Thursday, November 12, 2015

Fed's Dudley and Evans

by Bill McBride on 11/12/2015 12:29:00 PM

First, from the WSJ Economists Overwhelmingly Expect Fed to Raise Interest Rates in December

About 92% of the business and academic economists polled by The Wall Street Journal in recent days said they expected the Fed to raise its benchmark federal-funds rate at its Dec. 15-16 policy meeting. Some 5% said the Fed would stay on hold until March and 3% predicted the Fed would keep rates at near-zero even longer.
From NY Fed President William Dudley sees the risks in liftoff as "balanced": The U.S. Economic Outlook and Monetary Policy
I see the risks right now of moving too quickly versus moving too slowly as nearly balanced. The weight that one puts on each undoubtedly influences one’s views on when the time will be right to begin to normalize monetary policy and the appropriate short-term rate trajectory thereafter.
Chicago Fed President Charles Evans argues for a later liftoff: A Cautious Approach to Monetary Policy Normalization
There is no doubt that labor markets have improved significantly over the past seven years. Job growth has been quite solid for some time now. That includes last month’s number, which was quite good. And today, at 5 percent, the unemployment rate is one half its peak in 2009. This is just a tenth of a percentage point above the median long-run projection. However, a number of other labor market indicators lead me to believe that there still remains some additional resource slack beyond what is indicated by the unemployment rate alone: Notably, 1) a large number of people who are employed part time would prefer a full-time job; 2) the labor force participation rate is quite low, even after accounting for demographic and other long-running trends; and 3) wage growth has been quite subdued. In sum, I don’t think we’re quite there yet, but we have made good progress toward meeting our employment mandate.
However, I am far less confident about reaching our inflation goal within a reasonable time frame. Inflation has been too low for too long. Core PCE inflation — which strips out the volatile energy and food components and is a good indicator of underlying inflation trends — has averaged just 1.4 percent over the past seven years. Core PCE inflation over the past 12 months was just 1.3 percent. And inflation according to the total PCE Price Index — which does include food and energy prices — was just 0.2 percent over the past year.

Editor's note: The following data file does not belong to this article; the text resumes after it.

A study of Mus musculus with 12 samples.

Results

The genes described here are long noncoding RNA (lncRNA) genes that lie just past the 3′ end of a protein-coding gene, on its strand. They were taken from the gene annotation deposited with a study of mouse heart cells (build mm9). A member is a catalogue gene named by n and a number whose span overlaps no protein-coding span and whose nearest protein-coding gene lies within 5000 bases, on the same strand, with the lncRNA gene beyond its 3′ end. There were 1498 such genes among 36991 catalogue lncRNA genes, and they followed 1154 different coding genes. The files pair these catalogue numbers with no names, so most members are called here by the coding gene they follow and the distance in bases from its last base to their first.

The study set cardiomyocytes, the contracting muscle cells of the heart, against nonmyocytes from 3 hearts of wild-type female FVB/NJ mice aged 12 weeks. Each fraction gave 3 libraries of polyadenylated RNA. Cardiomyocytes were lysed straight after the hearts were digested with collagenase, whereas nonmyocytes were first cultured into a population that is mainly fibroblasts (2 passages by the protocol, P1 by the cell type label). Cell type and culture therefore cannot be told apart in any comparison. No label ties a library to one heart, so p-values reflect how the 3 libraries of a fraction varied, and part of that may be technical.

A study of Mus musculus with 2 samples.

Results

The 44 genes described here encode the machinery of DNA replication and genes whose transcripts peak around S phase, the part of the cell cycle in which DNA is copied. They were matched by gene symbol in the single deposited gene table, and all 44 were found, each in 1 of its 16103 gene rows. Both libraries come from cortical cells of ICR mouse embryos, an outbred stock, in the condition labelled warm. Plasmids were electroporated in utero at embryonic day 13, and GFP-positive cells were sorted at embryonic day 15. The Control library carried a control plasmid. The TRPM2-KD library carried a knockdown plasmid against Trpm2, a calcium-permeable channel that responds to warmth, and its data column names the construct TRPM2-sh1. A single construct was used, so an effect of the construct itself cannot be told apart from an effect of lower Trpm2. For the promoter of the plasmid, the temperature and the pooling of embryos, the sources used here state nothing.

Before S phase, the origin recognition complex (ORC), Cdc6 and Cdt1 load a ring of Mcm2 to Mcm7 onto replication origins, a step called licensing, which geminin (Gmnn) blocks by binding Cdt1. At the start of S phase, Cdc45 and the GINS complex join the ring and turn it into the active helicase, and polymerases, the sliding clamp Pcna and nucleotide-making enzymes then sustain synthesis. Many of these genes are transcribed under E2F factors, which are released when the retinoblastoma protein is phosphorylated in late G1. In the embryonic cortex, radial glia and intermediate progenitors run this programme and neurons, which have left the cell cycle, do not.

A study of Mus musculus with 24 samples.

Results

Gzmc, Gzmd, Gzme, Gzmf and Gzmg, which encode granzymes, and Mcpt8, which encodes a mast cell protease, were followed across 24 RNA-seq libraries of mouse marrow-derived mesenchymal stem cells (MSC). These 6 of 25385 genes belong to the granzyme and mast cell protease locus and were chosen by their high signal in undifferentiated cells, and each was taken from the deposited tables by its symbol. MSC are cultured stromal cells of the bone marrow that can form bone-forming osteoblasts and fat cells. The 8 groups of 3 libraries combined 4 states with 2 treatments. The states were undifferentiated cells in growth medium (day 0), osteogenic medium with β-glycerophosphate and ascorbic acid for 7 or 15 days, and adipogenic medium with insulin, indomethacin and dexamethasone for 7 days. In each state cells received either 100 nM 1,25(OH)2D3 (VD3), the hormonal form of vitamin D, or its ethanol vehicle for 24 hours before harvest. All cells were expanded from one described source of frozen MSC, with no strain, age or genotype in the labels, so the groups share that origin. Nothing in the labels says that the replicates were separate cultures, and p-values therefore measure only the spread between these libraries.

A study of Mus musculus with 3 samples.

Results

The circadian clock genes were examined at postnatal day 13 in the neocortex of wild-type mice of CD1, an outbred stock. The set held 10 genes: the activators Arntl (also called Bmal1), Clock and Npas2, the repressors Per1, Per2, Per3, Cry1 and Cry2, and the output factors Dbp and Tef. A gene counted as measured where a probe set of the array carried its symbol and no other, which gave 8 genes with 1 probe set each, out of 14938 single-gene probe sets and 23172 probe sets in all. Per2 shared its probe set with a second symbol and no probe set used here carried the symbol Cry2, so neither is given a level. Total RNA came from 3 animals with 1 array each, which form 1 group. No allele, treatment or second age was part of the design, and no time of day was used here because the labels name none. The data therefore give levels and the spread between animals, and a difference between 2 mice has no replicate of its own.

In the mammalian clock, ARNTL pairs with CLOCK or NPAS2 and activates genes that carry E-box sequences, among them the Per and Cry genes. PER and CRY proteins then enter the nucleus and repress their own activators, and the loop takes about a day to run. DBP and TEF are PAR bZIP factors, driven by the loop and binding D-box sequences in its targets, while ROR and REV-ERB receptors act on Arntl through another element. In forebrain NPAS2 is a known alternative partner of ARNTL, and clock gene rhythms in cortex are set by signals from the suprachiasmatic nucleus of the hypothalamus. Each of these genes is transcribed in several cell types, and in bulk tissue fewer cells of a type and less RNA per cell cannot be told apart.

Most FOMC participants expect inflation to rise steadily from these low levels, coming in just a shade under the Committee’s 2 percent target by the end of 2017. My own forecast is less sanguine. I expect core PCE inflation to undershoot 2 percent by a greater margin over the next two years than do my colleagues. I expect core PCE inflation to be just below 2 percent at the end of 2018.
How does this asymmetric assessment of risks to achieving the dual mandate goals influence my view of the most appropriate path for monetary policy over the next three years? It leads me to conclude that 1) a later liftoff and 2) a more gradual normalization of our monetary policy setting will best position the economy for the potential challenges ahead.

More specifically, before raising rates, I would like to have more confidence than I do today that inflation is indeed beginning to head higher. Given the current low level of core inflation, some evidence of true upward momentum in actual inflation is critical to this assessment. I believe that it could be well into next year before the headwinds from lower energy prices and the stronger dollar dissipate enough so that we begin to see some sustained upward movement in core inflation. After liftoff, I think it would be appropriate to raise the target interest rate very gradually. This would give us sufficient time to assess how the economy is adjusting to higher rates and the progress we are making toward our policy goals.

Overall, my view of appropriate policy is somewhat more accommodative than those held by the majority of my colleagues.